United States District Court, E.D. Kentucky, Southern Division, London

May 22, 2015

UNITED STATES OF AMERICA, Plaintiff,
v.
MICHAEL OSBORNE, Defendant.

MEMORANDUM OPINION AND ORDER

DANNY C. REEVES, District Judge.

On November 22, 2013, Defendant Michael Osborne pleaded guilty to conspiring to distribute oxycodone and distributing oxycodone, in violation of 21 U.S.C. §§ 841(a)(1) and 846. [Record No. 99] He was responsible for 2, 550 oxycodone 30mg tablets and was sentenced to 72 months of incarceration and a three-year term of supervised release. [Record Nos. 104, 127] Osborne has filed a motion requesting reduction of his sentence under the recent amendments to the United States Sentencing Guidelines and 18 U.S.C. § 3582(c)(2). [Record No. 184] After reviewing the defendant's motion and the record, the Court declines to reduce his sentence.[1]

At the time of sentencing, the guideline imprisonment range for Osborne was 70 to 87 months. [Record No. 149, p. 16] This range reflects a base offense level of 28, a three-level reduction for acceptance of responsibility for a total offense level of 25, and a Criminal History Category of III. [ Id. ] In arriving at an appropriate sentence, the Court considered all relevant factors of 18 U.S.C. § 3553(a). After taking into account counsel's arguments and the defendant's statements at the hearing, as well as the defendant's criminal conduct underlying his charges and Osborne's prior criminal history, the Court concluded that a sentence of 72 months was "sufficient but not greater than necessary to meet" all the applicable statutory goals and objectives under 18 U.S.C. § 3553. [ Id., at 23] Osborne appealed the sentence to the United States Court of Appeals for the Sixth Circuit, which affirmed the sentence as procedurally and substantively reasonable. [Record No. 183]

Osborne's current motion presents the issue of whether a sentence reduction is warranted in light of the facts of the case and all relevant factors to be considered under 18 U.S.C. § 3553. In considering the issue, the Court again considers, inter alia, the seriousness of the crime, the personal history and characteristics of the defendant, the defendant's acceptance of responsibility and cooperation, specific and general deterrence, and the need to protect the public from potential, future crimes by Osborne. When these factors are considered, the Court sees no reason to reduce Osborne's sentence below the 72-month term of imprisonment previously imposed.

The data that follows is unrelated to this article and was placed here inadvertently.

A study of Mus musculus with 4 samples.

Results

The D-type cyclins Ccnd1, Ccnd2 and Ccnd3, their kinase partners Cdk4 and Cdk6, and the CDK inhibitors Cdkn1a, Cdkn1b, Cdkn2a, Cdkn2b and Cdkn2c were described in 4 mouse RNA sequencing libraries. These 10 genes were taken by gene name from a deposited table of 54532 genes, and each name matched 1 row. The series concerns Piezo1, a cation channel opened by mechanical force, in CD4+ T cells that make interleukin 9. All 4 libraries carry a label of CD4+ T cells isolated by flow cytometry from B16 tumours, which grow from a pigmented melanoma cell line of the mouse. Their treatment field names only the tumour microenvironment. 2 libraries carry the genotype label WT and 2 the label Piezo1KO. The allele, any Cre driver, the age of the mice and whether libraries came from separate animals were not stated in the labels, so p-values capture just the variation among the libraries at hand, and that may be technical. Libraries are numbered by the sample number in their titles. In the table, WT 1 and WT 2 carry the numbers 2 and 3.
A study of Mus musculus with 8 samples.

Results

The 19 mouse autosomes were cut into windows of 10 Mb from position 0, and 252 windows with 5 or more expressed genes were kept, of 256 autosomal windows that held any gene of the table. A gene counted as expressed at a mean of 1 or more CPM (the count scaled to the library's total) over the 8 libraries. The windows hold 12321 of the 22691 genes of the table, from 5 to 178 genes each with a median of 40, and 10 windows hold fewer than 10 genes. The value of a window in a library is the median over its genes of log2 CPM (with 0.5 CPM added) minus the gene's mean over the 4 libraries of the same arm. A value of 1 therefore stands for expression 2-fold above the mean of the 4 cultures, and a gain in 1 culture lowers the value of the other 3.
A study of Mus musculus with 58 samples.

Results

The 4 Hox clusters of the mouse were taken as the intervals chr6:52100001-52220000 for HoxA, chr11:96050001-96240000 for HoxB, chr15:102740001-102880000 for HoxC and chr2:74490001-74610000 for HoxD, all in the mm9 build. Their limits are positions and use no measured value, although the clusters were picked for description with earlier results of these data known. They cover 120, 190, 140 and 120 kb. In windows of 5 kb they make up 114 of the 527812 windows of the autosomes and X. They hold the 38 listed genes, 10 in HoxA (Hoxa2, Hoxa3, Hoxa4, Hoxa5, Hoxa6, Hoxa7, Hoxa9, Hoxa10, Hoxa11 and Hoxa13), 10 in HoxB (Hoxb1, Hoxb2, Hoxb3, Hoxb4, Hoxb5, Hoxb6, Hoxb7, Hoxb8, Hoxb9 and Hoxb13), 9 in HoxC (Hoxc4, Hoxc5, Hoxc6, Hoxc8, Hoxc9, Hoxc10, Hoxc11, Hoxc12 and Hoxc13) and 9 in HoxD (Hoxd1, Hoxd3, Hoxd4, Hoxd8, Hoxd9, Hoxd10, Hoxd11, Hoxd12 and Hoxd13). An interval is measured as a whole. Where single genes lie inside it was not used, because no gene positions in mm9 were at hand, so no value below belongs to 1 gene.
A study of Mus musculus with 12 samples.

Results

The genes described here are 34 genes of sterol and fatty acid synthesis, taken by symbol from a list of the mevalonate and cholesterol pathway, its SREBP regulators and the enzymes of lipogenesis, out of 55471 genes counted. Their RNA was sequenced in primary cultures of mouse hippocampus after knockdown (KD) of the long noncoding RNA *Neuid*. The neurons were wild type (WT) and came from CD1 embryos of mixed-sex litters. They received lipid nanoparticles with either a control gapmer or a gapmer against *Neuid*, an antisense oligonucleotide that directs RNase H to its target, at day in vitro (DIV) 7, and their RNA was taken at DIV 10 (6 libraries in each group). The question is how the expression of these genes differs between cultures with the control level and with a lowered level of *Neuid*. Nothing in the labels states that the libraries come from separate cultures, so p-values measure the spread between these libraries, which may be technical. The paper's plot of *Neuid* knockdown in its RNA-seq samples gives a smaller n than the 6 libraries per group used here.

District courts have the discretion to reduce the sentence "of a defendant who has been sentenced to a term of imprisonment based on a sentencing range that has subsequently been lowered by the Sentencing Commission... if such a reduction is consistent with applicable policy statements issued by the Sentencing Commission." 18 U.S.C. § 3582(c)(2). In support of his request for a sentence reduction, Osborne has provided several certificates of completion of various drug rehabilitation, awareness, and wellness courses during his term of incarceration. [Record No. 184-1] While commendable, particularly in light of the defendant's extensive alcohol-related criminal history, those positive achievements do not convince the Court that the previously-imposed sentence should be reduced. Ultimately, the Court finds that the negative factors presented by the defendant outweigh his positive progress while incarcerated.

Likewise, a reduced term of imprisonment would not provide sufficient punishment for Osborne's offense. During the duration of his involvement in the conspiracy, the defendant participated daily in trafficking oxycodone. This conduct causes significantly harms the community, and a reduced sentence would unduly diminish the seriousness of the defendant's actions.

In summary, the requested reduction in the guidelines range is outweighed by the statutory factors discussed above. Accordingly, it is hereby

ORDERED that Defendant Michael Osborne's motion for a reduction of his sentence under 18 U.S.C. § 3582(c)(2) [Record No. 184] is DENIED.